If you suffer any type of significant injury, you may be dealing with a disability. For example, maybe you work in a profession where mobility is very important, and you have a broken leg. This condition can keep you out of work for weeks or months, until it heals and you can return to your position.
Unfortunately, although a typical broken leg is a disability of sorts, it is not a disability that qualifies for SSDI benefits, even if you miss time at work, because the Social Security Administration (SSA) has a very strict definition of disability. Part of this definition involves how long a medical condition has to last in order for an applicant to qualify for Social Security Disability Insurance (SSDI) benefits. Even a condition that creates a disability may not qualify for benefits if it will only last for a short period of time.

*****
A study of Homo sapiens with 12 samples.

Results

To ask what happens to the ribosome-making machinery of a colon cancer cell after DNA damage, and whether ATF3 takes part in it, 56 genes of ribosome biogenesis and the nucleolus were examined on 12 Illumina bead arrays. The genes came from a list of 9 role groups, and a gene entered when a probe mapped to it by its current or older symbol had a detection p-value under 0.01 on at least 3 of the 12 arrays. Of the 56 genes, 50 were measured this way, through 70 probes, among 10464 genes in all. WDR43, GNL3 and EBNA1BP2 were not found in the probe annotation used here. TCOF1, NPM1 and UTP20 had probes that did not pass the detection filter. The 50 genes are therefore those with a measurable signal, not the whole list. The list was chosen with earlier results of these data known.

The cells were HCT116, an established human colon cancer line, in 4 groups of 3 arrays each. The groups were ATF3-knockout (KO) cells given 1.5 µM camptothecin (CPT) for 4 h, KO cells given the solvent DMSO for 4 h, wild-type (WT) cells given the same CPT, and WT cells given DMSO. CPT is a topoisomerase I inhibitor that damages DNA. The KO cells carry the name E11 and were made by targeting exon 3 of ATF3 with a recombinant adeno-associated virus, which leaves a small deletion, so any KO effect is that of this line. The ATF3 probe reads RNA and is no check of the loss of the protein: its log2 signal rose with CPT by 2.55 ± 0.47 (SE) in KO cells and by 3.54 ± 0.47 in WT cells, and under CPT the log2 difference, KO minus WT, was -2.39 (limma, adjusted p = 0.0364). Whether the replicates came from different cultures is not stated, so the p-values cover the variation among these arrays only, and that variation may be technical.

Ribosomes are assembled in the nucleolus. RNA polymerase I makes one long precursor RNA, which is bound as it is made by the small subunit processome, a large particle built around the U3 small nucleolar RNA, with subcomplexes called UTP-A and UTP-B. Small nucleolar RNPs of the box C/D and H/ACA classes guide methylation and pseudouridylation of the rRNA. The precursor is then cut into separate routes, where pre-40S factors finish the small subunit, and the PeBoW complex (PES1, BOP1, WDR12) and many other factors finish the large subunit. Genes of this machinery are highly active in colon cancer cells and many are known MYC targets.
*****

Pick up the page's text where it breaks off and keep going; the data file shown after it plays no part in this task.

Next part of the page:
3 primary qualifications
There are three different ways in which someone can qualify for SSDI benefits through the SSA. When considering someone’s disability, the SSA will want to see that it either:
- Has already lasted for at least one year;
- Is expected to last for an entire year, at minimum; or
- Is expected to last until death
When the condition is going to last for at least a year, it will significantly change someone’s life. They may never work again, and they are not going to recover quickly even in the best-case scenario. That is when they can begin the process of seeking compensation through the SSA.
Applying for SSDI benefits can be complicated and it’s important not to make any mistakes. Be sure you know what options you have and how to get the process underway by seeking legal guidance.